When it launches on Nov. 12, Disney+ will offer a total of 7,500 TV episodes and 500 films — meaning its library will be significantly smaller than Netflix, Hulu, and Amazon Prime Video.
However, the mix of third-party and in-house content it’ll offer is more highly-rated by audiences compared to content available through competitive services, Variety reports, citing data from U.K.-based entertainment analytics company Ampere Analysis. (Ampere uses a proprietary algorithm to assess the favorability of people’s opinions toward shows and movies.)
Disney+’s 7,500 episodes and 500 films will put it at just 16% of Netflix’s TV library (47,000 episodes), and just 12.5% of its movie library (4,000 films). It’s important to note those Netflix numbers comprise just its U.S. library, since Disney+ is launching in the States first, with later rollout to other countries. As for other services, Disney+’s TV library will be around 11% the size of Disney-owned Hulu’s and around 15% the size of Amazon Prime Video’s. Its film library will be around 28% the size of Hulu’s, but less than 4% the size of Amazon’s.
In fact, the only streaming services it’ll have beat in TV are niche offerings like Starz Play (an estimated 5,000 episodes), HBO Go (2,000), and Showtime (1,000). In film, it’ll top Showtime Anytime (an estimated 400 films) and CBS All Access (100 films).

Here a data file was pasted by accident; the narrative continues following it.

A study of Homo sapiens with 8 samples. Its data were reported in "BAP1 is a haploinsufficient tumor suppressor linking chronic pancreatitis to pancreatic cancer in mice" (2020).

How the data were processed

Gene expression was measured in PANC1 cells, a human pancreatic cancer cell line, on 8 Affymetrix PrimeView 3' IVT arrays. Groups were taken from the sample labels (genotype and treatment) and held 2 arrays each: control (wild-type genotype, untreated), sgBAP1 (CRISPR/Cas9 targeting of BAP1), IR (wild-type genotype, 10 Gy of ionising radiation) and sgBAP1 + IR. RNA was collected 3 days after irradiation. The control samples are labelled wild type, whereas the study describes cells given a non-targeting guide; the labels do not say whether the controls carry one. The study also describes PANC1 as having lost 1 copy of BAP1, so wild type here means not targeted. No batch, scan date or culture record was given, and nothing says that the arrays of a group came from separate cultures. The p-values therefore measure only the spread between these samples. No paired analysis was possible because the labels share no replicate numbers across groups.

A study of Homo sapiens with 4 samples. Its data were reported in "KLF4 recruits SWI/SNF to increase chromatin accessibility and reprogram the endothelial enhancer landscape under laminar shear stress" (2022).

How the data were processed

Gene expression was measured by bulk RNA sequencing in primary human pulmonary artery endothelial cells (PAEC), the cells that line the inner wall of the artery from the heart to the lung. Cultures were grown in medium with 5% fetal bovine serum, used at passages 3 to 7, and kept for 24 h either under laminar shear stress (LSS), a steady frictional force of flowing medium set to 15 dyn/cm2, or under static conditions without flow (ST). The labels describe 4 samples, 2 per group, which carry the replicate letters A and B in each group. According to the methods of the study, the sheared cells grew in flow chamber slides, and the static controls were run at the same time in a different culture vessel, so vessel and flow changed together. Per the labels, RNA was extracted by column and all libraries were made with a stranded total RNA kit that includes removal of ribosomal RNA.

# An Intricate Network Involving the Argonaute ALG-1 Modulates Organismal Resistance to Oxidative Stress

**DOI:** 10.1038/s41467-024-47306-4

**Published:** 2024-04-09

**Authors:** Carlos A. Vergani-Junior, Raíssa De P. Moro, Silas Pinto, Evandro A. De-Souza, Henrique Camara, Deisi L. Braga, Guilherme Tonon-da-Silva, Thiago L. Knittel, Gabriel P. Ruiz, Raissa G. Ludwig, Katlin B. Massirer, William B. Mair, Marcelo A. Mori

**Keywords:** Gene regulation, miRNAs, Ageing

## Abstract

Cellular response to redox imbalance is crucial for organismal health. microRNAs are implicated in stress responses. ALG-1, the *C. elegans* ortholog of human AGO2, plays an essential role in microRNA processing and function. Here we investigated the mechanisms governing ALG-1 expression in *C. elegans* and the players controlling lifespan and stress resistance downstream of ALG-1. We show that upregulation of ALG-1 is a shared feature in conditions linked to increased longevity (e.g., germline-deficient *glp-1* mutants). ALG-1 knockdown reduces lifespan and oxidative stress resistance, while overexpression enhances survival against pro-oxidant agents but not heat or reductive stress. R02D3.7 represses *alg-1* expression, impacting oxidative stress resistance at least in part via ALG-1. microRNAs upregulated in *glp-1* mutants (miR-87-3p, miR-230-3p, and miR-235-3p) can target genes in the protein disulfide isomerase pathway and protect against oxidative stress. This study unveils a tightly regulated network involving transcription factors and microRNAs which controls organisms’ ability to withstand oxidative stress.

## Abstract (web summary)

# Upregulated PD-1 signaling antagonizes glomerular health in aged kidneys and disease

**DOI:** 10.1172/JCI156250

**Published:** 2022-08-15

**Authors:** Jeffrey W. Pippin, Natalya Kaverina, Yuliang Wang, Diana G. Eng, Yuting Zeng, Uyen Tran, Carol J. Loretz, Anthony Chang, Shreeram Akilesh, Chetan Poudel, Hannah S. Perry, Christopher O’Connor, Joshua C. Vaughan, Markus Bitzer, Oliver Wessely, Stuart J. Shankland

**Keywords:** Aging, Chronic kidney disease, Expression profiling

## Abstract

Like we mentioned above, though, Disney+ is pulling in third-party properties that Ampere says are more favorably rated compared to Netflix and Amazon. (Some TV series it’ll offer in its first year include Amazing Planet, Boy Meets World, and That’s So Raven, and all 30 seasons of The Simpsons.) Its film library will include nearly all of Disney and Pixar’s movies. And Disney+’s in-house offerings, like Marvel Cinematic Universe films and original series set in hugely popular franchises including Star Wars, are also highly favored by audiences.
Why is it so important for Disney to aim for quality over quantity? Well, upon Disney+’s launch in November, every single title will need to pull its own weight with viewers and help bring in that sweet, sweet $6.99 per month subscription fee…and fund the hundreds of millions upon millions Disney is reportedly paying to produce star-studded originals like Loki and The Mandalorian.
“Every Disney title will need to guarantee an audience,” Richard Cooper, research director at Ampere. He added that with higher-quality offerings, guaranteeing subscribers is “very achievable.”